Super Simple Bottled Fresh Pineapple

We work hard to be as self-reliant as possible and to take the best advantage of the resources that we have been blessed with. This week one of those resources was fresh pineapple.

How can I make fresh pineapple shelf-stable? Fresh pineapple can be dehydrated, freeze-dried, or bottled. Home bottling fresh pineapple is the best way to maintain the unique flavor and texture of fresh pineapple in storage.

Usually, I freeze any extra fresh pineapple that we have to be used in smoothies or future baking. We are making an effort to depend on our freezer a little bit less in the event of an extended power outage. That means it was time to find another way to preserve our abundance of fresh pineapple.

I was amazed how easy it was to take 4 leftover pineapples and turn them into 14 pints of pineapples ready to make my favorite pineapple fajitas. They require no refrigeration and are incredibly tasty.

How to Bottle Fresh Pineapple in Water

Start by washing the outside of the pineapple with water to prevent contaminating the fruit.

Cut the top and bottom off of the pineapple. It will be easier to skin the sides if the top and bottom are flat.

Cut the skin off of the sides of the pineapple. Try and get as many of the eyes as your can without wasting pineapple.

Remove the tough core, bad spots, or remaining eyes. I don’t overly worry about getting every little dark spot. You can if you would like to. Good enough is perfect for me.

Cut the pineapple into slices or pieces. I like to use pineapple in chicken fajitas so I prefer them in nice sized chunks. Get creative.

Add water to cover pineapple pieces and simmer for 10 minutes. You can also use apple juice, white grape juice, pineapple juice or sugar syrup. I prefer the water because it is less expensive and the flavor is clean. You can visit The National Center for Food Preservation for details on bottling pineapple.

Ladle the pineapple chunks and syrup into clean canning jars.

Clean the rim of the bottle with a clean cloth. Double-check to make sure that there are no chips in the glass that might prevent the lid from sealing properly.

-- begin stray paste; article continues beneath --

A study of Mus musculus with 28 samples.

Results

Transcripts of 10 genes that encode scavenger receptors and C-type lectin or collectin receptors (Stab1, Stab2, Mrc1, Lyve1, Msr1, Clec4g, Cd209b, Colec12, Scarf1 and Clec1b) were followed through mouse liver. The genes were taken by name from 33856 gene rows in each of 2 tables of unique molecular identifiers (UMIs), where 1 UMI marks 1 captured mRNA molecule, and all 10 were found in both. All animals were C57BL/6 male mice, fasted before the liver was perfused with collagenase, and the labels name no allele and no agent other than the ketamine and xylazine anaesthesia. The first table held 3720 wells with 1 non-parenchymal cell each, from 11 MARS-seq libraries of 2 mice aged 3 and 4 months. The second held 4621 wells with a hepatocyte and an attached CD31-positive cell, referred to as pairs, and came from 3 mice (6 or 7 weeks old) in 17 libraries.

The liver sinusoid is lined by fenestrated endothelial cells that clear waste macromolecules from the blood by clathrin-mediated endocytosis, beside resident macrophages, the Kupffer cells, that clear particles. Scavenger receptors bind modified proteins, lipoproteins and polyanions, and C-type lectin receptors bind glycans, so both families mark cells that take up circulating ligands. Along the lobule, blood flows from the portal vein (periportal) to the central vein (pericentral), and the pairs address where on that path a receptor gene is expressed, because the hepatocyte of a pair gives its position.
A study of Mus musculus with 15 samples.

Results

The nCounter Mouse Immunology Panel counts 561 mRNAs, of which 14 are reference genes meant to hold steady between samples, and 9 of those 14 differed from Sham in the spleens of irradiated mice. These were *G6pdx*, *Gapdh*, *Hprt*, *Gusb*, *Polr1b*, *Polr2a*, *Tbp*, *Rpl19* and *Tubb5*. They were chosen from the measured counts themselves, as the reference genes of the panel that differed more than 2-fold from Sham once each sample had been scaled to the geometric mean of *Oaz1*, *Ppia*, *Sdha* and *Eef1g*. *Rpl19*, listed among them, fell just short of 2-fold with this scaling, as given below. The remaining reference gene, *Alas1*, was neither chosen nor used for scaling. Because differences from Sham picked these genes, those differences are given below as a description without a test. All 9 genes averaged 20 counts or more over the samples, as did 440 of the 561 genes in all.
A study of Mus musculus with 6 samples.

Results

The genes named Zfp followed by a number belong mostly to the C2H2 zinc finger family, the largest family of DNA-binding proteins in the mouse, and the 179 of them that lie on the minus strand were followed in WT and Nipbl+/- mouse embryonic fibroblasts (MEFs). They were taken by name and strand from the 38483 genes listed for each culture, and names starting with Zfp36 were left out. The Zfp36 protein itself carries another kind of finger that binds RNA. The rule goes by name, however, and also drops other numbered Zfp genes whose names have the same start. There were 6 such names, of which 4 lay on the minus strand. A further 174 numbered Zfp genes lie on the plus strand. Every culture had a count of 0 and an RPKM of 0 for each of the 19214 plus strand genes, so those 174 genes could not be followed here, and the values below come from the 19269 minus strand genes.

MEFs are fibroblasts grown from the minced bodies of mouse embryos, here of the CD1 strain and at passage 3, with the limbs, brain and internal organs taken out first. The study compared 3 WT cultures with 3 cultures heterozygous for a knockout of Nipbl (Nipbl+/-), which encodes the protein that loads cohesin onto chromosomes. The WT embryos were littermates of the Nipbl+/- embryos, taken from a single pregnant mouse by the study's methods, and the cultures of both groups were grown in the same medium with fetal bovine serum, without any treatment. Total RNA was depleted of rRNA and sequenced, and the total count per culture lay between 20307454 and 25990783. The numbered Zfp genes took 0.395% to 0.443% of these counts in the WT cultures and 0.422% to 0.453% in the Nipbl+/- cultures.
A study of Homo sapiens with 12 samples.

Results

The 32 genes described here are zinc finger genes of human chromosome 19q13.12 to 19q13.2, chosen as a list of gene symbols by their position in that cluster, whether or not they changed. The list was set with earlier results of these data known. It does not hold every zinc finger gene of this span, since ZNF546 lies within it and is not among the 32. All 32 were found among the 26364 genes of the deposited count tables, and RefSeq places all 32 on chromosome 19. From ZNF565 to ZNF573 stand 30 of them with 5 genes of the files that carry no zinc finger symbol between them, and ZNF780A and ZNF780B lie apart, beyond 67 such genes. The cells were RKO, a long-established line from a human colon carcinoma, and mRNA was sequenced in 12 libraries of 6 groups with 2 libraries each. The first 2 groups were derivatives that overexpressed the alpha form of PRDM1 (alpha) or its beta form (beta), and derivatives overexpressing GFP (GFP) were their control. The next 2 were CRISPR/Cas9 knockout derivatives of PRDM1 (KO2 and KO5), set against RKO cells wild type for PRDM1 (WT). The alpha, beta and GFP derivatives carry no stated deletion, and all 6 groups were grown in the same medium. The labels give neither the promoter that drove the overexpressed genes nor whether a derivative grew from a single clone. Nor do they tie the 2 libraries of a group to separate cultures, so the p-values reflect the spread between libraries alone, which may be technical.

Heat the canning lids in boiling water to warm the seals for best results.

Place the hot lid on the jar and twist the ring on nice and snug. Not too tight!

Next, process the jars according to recommendations for your local conditions. We processed the pint jars in a water bath canner for 20 minutes.

Carefully remove the bottles and allow them to cool. You will hear the sweet music of popping lids, indicating that the jars have sealed properly.

Check out the sweet vision of success. I love how our home bottled fruits look stored in glass jars.

Pineapple is processed and will be shelf-stable for at least one year. The pineapple is beautiful in those jars!

Self-reliance is a process. Every time that we learn a new skill we progress a little bit on our journey to self-reliance. That’s what bottling these delicious pineapples were for me. A new adventure that we will enjoy all winter long.

Thanks for being part of the solution!

Jonathan and Kylene Jones

These are some items that you may be interested in purchasing to help you be prepared to bottle some of your own fruit at home.


  • Fresh pineapple
  • Water


  1. Wash the outside of the pineapple well to prevent contaminating the fruit.
  2. Remove the top, bottom, and outside peel. Be sure to get the eyes and tough fiber core. I'm not overly picky about the eyes but I like to get most of them.
  3. Cut the pineapple to the desired size and shape. You can slice it or cut it into cubes. I like big chunks that are ideal for making pineapple fajitas.
  4. I pack the pineapple in water because it is the most versatile and least expensive. You can use white grape juice, apple juice, pineapple juice, or sugar syrup. In a large pot, add the cut pineapple to syrup, water, or juice. Bring to a boil and let simmer for 10 minutes.
  5. I like to use pint-size canning jars because that seems to be just the right amount of pineapple for a recipe. I fill the clean jars with the hot pineapple and liquid, leaving 1/2-inch of headspace.
  6. Then wipe the rim, cover with a hot lid, and screw on the ring. 
  7. I process my pint jars in a water bath canner for 20 minutes. Visit the National Center for Home Preservation at to determine how long you should process your jars according to your elevation. 


Kylene Jones is a blogger, content creator, published author, motivational speaker, homesteader, prepper, mother, and grandmother. She practices self-reliance, provident living, and emergency preparedness in her everyday life. She loves working with her husband, Jonathan, and is committed to helping our community be prepared to thrive during the challenges that lie in our future.